Parental Rights

Special education services can be helpful to children with disabilities. When misunderstandings or problems arise about how to make the special education services work for you and your child, the parental rights notice is one place to start.

The parental rights notice (also called procedural safeguards) provides an overview of your parental special education rights. These rights are the same rights that belong to adult students between the ages of 18 and 21. The notice addresses key rights such as providing informed consent and procedures for disagreeing with the district.

Why Should I Read the Parental Rights Notice and What Information Will I Find?
You will want to read the parental rights notice to understand your special education rights. Sometimes there are rights that parents do not know about until it is too late, such as the timeline for objecting to a district’s proposed Individualized Education Program (IEP).

Example topics and rights you may find useful include:

  • Prior written notice documents.
  • Legal advocacy organizations and contact information.
  • Confidentiality.
  • Third-party billing for individualized education program (IEP) health-related services.
  • How to request an independent educational evaluation (IEE).
  • Access to student records and how to ask for copies.
  • How to disagree with the district, including asking for mediation, filing a special education complaint, or asking for a due process hearing.
  • Disciplinary removals (suspension and expulsion information).
  • Referrals to law enforcement.
  • Private school placements.

When Must the District Give Me a Copy of My Parental Rights Notice?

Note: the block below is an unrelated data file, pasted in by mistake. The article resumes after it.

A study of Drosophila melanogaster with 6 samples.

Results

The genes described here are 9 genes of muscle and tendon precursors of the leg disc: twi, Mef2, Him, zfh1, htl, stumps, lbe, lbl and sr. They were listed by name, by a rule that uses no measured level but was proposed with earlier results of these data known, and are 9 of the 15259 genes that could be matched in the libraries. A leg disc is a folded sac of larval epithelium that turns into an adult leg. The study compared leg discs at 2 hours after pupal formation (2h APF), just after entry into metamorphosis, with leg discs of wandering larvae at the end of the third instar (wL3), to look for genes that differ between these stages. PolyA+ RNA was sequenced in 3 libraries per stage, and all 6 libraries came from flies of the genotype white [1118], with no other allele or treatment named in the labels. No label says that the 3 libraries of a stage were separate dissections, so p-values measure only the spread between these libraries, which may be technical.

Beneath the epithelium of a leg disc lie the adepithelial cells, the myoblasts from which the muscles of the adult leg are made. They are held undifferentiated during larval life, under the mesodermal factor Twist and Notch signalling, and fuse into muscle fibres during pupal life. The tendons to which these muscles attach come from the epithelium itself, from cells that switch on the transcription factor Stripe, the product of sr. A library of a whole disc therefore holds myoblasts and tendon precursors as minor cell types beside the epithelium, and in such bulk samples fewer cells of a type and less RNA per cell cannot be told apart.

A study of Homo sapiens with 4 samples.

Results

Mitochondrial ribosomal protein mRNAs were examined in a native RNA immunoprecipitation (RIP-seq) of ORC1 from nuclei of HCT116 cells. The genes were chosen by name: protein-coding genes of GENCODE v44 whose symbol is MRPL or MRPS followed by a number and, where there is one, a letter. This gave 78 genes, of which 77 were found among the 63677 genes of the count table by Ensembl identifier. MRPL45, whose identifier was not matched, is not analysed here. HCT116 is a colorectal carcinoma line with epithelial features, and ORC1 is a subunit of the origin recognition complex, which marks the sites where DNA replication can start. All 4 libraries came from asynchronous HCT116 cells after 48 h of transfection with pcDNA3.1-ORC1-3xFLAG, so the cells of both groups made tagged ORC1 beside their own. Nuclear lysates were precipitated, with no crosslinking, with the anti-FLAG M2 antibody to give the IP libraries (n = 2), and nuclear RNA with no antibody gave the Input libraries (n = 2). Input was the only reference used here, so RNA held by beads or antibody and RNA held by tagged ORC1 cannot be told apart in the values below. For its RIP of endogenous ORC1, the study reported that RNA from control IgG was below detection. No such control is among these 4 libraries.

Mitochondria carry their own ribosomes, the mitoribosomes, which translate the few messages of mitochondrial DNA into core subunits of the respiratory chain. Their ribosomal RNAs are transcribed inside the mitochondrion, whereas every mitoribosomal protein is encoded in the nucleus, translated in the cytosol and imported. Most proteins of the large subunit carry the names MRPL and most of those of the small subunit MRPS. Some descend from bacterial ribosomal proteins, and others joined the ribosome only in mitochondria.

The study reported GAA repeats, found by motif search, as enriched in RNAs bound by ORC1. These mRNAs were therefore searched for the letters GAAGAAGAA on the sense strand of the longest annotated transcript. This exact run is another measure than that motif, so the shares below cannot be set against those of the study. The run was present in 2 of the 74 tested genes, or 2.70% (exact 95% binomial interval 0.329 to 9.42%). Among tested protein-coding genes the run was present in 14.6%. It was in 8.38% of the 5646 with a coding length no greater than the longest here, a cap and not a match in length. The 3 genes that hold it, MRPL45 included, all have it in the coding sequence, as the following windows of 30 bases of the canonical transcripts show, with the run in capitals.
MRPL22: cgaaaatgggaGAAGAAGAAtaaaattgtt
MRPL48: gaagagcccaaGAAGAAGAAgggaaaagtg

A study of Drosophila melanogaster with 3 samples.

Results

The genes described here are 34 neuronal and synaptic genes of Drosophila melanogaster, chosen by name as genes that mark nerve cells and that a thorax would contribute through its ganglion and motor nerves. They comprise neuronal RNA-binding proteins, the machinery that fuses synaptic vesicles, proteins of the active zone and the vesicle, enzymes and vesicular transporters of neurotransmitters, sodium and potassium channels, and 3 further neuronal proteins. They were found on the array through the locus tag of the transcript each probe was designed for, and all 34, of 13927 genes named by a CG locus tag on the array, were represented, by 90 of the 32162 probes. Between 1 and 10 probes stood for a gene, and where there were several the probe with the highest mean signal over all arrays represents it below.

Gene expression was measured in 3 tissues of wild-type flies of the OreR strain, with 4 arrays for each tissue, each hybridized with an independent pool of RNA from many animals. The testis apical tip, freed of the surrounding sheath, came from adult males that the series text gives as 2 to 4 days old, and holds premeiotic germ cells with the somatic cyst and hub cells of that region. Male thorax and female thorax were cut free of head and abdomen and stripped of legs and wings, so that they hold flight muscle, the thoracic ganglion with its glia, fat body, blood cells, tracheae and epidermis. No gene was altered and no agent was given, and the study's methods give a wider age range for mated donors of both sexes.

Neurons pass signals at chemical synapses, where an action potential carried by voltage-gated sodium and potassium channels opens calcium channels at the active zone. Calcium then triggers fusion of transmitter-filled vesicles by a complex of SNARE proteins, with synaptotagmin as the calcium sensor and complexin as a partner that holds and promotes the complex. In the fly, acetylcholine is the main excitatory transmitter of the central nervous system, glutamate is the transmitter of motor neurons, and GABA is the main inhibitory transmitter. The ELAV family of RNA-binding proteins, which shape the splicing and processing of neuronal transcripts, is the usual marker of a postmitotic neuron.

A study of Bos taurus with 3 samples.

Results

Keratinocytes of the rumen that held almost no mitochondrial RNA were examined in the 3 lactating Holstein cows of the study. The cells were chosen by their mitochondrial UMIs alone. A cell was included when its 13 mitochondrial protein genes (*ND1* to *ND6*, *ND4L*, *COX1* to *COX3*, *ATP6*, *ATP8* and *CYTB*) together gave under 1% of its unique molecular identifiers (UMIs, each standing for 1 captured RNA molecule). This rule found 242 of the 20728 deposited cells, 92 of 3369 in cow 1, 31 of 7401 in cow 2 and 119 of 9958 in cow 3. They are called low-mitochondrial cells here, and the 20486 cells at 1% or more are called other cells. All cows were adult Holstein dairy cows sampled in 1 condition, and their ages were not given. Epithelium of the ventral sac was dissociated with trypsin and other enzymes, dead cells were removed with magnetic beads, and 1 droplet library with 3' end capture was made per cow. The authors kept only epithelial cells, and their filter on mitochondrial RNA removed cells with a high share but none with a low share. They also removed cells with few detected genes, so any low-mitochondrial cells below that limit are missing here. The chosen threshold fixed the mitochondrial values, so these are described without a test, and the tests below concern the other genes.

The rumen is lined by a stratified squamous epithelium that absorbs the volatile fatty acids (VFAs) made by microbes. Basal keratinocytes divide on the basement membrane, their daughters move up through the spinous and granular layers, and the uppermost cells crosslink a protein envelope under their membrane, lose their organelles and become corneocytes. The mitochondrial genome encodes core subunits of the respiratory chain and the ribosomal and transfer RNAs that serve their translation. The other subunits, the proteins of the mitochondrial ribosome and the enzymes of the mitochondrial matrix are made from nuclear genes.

A district must give you a copy of the parental rights notice at least one time per school year. Other times that you should receive a copy of the parental rights notice include:

  • The first time the district refers your child for a special education evaluation (test) or if you ask for an evaluation.
  • The first time in a school year that you file a special education complaint with us.
  • The first time in a school year that you or the district asks for a due process hearing.
  • On the date the district decides to make a disciplinary change of placement of your child by removing the child from school for a violation of the district’s discipline policy. This can happen in certain cases when a child is suspended, expelled, or excluded, including if a child is suspended for more than ten consecutive school days. It can also happen if there is a pattern of suspensions that leads to a disciplinary change of placement.
  • If you ask for a copy.

Who Can I Talk to About My Parental Rights?

You can contact us and we will be happy to talk to you about your questions. Email the Division of Compliance and Assistance or call 651-582-8689. Team members who are familiar with special education compliance and parental rights are available during regular business hours .

How Can I Obtain Free or Low-Cost Legal Services?
We maintain a list of free or low-cost legal resources or other relevant services. Additional resources and contact information for advocacy and legal services include:

  • The local school district special education department. Access The local school district special education directors.
  • The ARC of Minnesota (advocacy for persons with developmental disabilities); 800-582-5256.
  • Minnesota Association for Children’s Mental Health; 800-528-4511.
  • Minnesota Disability Law Center; 800-292-4150.
  • PACER (Parent Advocacy Coalition for Educational Rights); 800-53-PACER (800-537-2237). PACER also helps parents write special education complaints.